Thursday, April 21, 2011

Book Club Thursday | Mama Made the Difference

Mamas Teach Us to Die with the Doors Closed

We are reading through the book Mama Made the Difference by T.D. Jakes. All direct quotes taken from the book are in bold type.

Right before my mother was wheeled into her bypass surgery, she and my dad spent some time alone talking with each other.  I didn't think of it then, but Mom was doing what T.D. Jakes talks about in this chapter. She was getting all of those final things said and done, telling my father what a great man she thought he was, etc.

I didn't realize it before, but she was trying to close the doors with me as well before she even went into the hospital- trying to give me her personal recipes for sofrito (a Spanish food seasoning), recipes to pasteles (another Spanish food that mostly the older generation knows how to make), giving me tips and advice on newborns and nursing, etc.  However, I didn't want those doors to be closed.  I naively felt that if they were still open, she would have to be here to answer those questions.  Why would I need to learn her recipes because if I wanted something, I would just ask her to make it for me.  Nine months after Mom passed away, I had a dear friend of hers over so that she could teach me how to make homemade sofrito.  We shared tears as I told her my regret in not listening when Mom tried to tell me how to make it.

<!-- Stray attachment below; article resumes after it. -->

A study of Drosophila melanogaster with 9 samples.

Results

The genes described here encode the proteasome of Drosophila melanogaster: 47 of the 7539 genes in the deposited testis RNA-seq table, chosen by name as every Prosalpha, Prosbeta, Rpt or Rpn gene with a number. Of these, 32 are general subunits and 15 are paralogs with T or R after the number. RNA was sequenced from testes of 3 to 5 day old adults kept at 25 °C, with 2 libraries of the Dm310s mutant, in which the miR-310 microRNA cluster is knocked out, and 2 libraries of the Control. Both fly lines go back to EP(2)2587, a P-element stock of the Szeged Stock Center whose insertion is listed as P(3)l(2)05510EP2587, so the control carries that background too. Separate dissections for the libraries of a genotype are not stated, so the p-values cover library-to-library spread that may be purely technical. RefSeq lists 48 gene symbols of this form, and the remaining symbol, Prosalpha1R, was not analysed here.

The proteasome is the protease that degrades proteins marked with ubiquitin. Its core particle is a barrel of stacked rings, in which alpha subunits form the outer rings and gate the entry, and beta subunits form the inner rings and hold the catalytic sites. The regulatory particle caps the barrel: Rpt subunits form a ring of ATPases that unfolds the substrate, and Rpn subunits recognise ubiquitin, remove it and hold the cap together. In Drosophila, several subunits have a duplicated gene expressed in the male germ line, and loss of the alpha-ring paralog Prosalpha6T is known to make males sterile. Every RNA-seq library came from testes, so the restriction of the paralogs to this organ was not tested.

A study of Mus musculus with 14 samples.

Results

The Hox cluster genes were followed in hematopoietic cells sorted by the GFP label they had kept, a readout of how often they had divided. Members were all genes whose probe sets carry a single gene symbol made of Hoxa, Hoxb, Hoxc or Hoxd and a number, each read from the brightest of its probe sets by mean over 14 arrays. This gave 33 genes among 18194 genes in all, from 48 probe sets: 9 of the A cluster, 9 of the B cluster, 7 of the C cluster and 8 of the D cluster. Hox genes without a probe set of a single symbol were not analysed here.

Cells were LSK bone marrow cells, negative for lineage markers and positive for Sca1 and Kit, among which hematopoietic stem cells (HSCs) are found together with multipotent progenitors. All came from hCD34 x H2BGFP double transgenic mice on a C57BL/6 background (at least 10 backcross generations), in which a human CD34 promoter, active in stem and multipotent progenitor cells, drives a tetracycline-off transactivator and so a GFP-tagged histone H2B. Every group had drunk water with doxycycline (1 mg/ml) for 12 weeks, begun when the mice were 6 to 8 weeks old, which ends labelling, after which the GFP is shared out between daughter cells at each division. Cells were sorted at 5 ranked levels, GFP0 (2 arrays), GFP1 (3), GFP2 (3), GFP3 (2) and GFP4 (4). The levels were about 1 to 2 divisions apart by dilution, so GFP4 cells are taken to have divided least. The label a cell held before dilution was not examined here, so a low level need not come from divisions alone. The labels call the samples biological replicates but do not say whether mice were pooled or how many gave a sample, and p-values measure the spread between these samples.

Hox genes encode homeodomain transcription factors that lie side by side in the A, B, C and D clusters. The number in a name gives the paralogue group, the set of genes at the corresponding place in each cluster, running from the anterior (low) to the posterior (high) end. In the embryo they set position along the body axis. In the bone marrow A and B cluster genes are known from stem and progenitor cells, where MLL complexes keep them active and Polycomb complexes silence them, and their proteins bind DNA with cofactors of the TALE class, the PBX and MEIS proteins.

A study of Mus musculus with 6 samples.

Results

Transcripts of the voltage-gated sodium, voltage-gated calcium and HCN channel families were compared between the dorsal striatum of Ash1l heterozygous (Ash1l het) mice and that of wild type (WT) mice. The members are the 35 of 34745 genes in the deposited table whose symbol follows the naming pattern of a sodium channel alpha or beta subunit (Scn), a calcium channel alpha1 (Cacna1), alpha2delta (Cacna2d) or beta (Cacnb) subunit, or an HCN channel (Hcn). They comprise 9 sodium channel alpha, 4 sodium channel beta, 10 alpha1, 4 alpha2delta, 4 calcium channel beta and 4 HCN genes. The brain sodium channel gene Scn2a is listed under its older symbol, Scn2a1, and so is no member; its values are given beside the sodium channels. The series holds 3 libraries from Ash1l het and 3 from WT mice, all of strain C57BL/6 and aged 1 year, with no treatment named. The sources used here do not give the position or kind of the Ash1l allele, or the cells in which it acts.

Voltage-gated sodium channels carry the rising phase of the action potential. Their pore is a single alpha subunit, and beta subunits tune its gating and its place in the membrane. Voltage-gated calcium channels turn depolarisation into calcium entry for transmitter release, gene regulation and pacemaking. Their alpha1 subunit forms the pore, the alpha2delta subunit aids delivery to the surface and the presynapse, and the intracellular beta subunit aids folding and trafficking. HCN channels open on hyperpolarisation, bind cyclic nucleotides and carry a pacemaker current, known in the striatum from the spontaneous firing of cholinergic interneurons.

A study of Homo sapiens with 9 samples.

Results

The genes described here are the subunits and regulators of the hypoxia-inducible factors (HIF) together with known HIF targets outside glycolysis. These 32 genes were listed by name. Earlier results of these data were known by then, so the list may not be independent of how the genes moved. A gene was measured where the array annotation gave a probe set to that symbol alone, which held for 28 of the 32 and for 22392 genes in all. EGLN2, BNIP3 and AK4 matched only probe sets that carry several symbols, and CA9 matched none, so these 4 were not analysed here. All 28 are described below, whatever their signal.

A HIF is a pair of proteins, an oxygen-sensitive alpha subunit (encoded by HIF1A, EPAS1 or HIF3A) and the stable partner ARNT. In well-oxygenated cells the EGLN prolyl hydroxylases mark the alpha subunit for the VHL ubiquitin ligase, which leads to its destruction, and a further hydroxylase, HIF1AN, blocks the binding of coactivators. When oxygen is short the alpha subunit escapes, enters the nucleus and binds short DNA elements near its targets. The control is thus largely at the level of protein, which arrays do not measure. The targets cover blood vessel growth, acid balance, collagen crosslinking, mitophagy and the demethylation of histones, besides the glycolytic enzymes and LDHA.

As the numbness of death wears off, we often start thinking such thoughts as these: I wish I had asked him... I wish I had told her... I wish I knew what he thought about... I wish I had found out... Our grief becomes tainted with wishes and regrets.  While our loved ones are alive, we need to share with them what they mean to us.  We need to ask them the burning questions that we have.  That way, when our loved ones are no longer with us, we will not have any questions unanswered, any words left unsaid.

And so the lesson I would pass along to you about dying with the doors closed is: Parents, communicate with your children. Children (of any age), communicate with your parents.  Whoever you are and whatever you role in the lives of other people, communicate with those you love. If you love someone, tell them.  If you judged someone too severely or if you have been too religious and not close with someone, apologize....Mama taught me a good lesson: open your mouth and speak healing and love.